Why No Period By Age 15?

Girls usually get their first menstrual period when they’re 12 or 13. It’s a sign that your body is maturing, so that one day, if you want to, you should be able to have a baby.

By age 15, 98% of teens have started their periods. If you’re not one of them, make an appointment to talk to your doctor. She can ask you and a parent about your family history, daily activity level, and examine you to figure out the causes for your delay. The reasons may be nothing to worry about. Or they could be a sign that you have a health condition that you need to treat.

Family History

If your mom didn’t get her period until she was 15 or older, chances are that being a late bloomer runs in your family. That may especially be true if your aunts, grandmothers, and cousins also started menstruating only after they were well into high school. Girls tend to get their periods 2-3 years after their breasts start to develop and 6-12 months after they notice a mucus-like vaginal discharge in their underwear. All these milestones can happen later than average in some families, including yours. Still, your doctor may want to rule out other health problems.

Low Weight

If you weigh much less than normal, that can affect your hormone levels and prevent you from getting your period. If your weight is 10% less than what’s healthy for your height, it can keep your hormones from working right and actually stop your periods. This is why girls who have eating disorders like anorexia or bulimia may not start menstruating.

Extra Weight

If you’re obese, you may not have your first period at the usual time, either. To set a monthly menstrual cycle, your body needs a normal range of fat levels. Too much or too little body fat can lead to delayed periods. Obesity for someone 5 feet, 2 inches tall starts at 155 pounds.

Too Much Exercise

Pushing your body too hard physically also can make your first period come late. This can happen with ballet dancers, runners, or other athletes. Intense workouts burn lots of calories and can leave very little body fat. Mix that with competitive pressure, and they can postpone your period until you’re well into high school.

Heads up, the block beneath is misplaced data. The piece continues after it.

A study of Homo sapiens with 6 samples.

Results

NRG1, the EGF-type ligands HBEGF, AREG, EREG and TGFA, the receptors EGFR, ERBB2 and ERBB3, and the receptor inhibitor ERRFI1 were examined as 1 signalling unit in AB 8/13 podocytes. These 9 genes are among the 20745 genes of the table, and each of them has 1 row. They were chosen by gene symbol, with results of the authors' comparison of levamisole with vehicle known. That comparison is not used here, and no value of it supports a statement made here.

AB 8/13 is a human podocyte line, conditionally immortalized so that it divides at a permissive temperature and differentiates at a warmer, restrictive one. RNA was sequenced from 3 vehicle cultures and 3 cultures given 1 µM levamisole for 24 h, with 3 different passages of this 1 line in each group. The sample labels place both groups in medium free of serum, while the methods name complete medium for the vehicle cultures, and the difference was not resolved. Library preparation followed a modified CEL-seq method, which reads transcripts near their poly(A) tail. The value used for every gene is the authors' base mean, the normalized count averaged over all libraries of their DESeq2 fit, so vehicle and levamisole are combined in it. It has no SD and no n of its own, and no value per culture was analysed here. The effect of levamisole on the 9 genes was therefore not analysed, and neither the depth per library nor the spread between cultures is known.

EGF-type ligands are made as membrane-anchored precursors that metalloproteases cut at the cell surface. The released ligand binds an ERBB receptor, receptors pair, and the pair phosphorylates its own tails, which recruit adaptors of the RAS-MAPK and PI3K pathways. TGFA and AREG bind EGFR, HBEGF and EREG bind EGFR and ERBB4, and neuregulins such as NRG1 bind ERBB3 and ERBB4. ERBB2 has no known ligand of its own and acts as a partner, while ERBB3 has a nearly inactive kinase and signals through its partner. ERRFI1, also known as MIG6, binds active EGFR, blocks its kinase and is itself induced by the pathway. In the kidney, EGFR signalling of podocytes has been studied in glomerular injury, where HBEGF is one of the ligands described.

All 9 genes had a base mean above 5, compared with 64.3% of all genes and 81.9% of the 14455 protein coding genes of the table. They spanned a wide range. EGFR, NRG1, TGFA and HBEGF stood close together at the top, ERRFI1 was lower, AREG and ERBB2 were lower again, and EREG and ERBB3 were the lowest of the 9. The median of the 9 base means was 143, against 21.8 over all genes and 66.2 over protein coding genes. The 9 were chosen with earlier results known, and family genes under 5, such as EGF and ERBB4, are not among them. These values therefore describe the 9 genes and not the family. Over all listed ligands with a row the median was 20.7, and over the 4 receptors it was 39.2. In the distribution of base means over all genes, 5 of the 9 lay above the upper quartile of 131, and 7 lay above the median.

Continued

Too Much Stress

It can be hard on your body in many ways, and one possible effect is to delay your first period. This may happen if you’re stressed all the time, no matter if it comes from too much homework, family problems, intense sports training, or other issues.

Medications

Certain types of drugs can keep you from having a period, including those used to treat cancer, high blood pressure, allergies, and depression. If you’re taking any of them, your doctor may have explained that this could happen.

Physical Problems

Very rarely, you may not be able to have periods because of the shape or other issues with your vagina, ovaries, fallopian tubes, or uterus. You might have extra tissue that covers an opening, a blockage, or physical issues. Your doctor can find out if these problems may be the reason.

Other Health Issues

Conditions that may be behind your delayed periods include:

WebMD Medical Reference Reviewed by Renee A. Alli, MD on December 15, 2017

Sources

SOURCES:

American College of Obstetricians and Gynecologists: “Menstruation in girls and adolescents: Using the menstrual cycle as a vital sign.”

Nemours Foundation: “All about menstruation.”

Stanford Children’s Health: “Amenorrhea in teens.”

Mayo Clinic: “Amenorrhea: Risk factors,” “Amenorrhea: Causes.”

National Institute of Child Health and Human Development: “What causes amenorrhea?” “Who is at risk of amenorrhea?”